Poll shows McConnell under pressure at home over next coronavirus bill  

A new poll conducted by the Democratic-leaning Public Policy Polling shows Senate Majority Leader Mitch McConnellAddison (Mitch) Mitchell McConnellCoronavirus talks collapse as negotiators fail to reach deal Pelosi, Schumer say White House declined T coronavirus deal COVID-19 bill limiting liability would strike the wrong balance MORE (R-Ky.) getting pushback from voters in Kentucky because of his opposition to more federal aid to state and local governments and his call to get kids back to school quickly.

The survey of 1,547 Kentucky voters first shared with The Hill shows that 65 percent of McConnell’s constituents favor the Democratic proposal to allocate $1 trillion to state and local governments to help cover budget costs, a number that McConnell has resisted.

Only 21 percent of Kentucky voters voiced opposition to such a large tranche of aid to states.


His office panned the Democratic proposal for more aid as “a blue state bailout.”

McConnell later shifted, conceding that state and local governments may get some additional federal aid. But he hasn’t come close to endorsing the $960 billion proposal favored by Senate Democratic Leader Charles SchumerChuck SchumerPostal Service says it lost .2 billion over three-month period A three-trillion dollar stimulus, but Charles Schumer for renewable energy — leading businesses want to change that Democrats try to force Trump to boost medical supplies production MORE (N.Y.).

The poll also found that 56 percent of Kentucky voters said they disagreed with sending kids back to school while coronavirus infections are rising. Only 31 percent said kids should go back to class while COVID-19 cases continue to mount.

Fifty percent of voters said they generally don’t think it would be safe for kids to return to school, while 35 percent said it would probably be safe.


The poll was commissioned by Protect Our Care, a Democratic-allied group dedicated to advocating for the Affordable Care Act.

Brad Woodhouse, the executive director of Protect Our Care, said: “Mitch McConnell and Senate Republicans’ blind loyalty to a president who refuses to listen to medical experts or take action to fight this virus flies in the face of their constituents who want their leaders to enact common sense solutions outlined in the Heroes Act.”

McConnell has said that helping schools reopen will be a major priority of the Senate GOP coronavirus relief bill and is pushing a five-year liability shield that would protect businesses, colleges, schools and churches from litigation related to coronavirus unless they are found grossly negligent or intentionally engaged in harmful behavior.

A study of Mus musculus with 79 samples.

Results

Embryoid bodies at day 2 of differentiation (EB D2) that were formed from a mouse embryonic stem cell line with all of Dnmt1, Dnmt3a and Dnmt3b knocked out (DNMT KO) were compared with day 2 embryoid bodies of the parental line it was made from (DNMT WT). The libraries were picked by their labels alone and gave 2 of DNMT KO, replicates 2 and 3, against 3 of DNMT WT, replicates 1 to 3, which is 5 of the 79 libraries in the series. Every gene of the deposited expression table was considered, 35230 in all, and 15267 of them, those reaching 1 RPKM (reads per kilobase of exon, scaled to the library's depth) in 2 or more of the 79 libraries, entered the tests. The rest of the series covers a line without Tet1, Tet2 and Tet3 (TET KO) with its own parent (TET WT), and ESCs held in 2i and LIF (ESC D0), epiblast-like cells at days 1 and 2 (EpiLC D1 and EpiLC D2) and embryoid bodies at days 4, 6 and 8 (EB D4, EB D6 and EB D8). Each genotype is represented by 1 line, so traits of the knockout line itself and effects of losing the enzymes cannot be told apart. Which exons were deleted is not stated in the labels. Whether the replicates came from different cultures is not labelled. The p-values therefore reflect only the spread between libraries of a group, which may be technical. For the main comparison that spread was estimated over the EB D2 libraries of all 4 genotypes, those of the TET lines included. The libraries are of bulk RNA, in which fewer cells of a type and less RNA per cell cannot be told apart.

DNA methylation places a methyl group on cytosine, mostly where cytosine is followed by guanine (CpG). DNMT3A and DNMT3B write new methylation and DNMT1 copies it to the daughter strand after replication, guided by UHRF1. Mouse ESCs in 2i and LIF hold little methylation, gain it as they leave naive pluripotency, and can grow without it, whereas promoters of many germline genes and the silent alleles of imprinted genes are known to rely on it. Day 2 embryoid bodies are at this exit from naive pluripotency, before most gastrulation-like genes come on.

He has emphasized, however, that Republicans are willing to spend tens of billions of dollars to enhance safety at schools.


White House chief of staff Mark MeadowsMark Randall MeadowsTrump tees up executive orders on economy but won't sign yet On The Money: Five takeaways from the July jobs report Overnight Health Care: Trump to take executive action after coronavirus talks collapse | Vaccine official says he'd resign if pressured politically MORE said a proposal being negotiated by the administration and Senate Republicans will include over $70 billion to help keep classrooms and students safe.

McConnell announced on the Senate floor Tuesday morning that Senate GOP bill would send $105 billion to colleges and schools “so that educators have the resources they need to safely reopen.”

The poll also found that 57 percent of Kentucky voters support a 15 percent increase in food assistance payments to families, an idea that Republican negotiators have blocked. Seventeen percent of responds opposed the increase in Supplemental Nutrition Assistance Program benefits.

Sixty-eight percent of respondents said Congress should also increase funding for Medicaid so states don’t have to reduce health coverage during the pandemic. Seventeen percent of voters, however, said Congress shouldn’t spend more for Medicaid.

The survey shows that McConnell’s approval rating remains under water. Forty percent of respondents said they approve of McConnell’s job performance, while 48 percent said they disapprove.

Democratic Gov. Andy Beshear, by contrast, scored a 54 percent job approval. Only 35 percent disapproved of his job performance.

The poll was conducted from July 17 to July 18 and has a margin of error of plus or minus 2.5 percentage points. Sixty percent of the interviews were conducted by telephone and 40 percent by text message.

Forty-four percent of the respondents were Democrats, 39 percent were Republicans and 17 percent were independents or affiliated with other parties.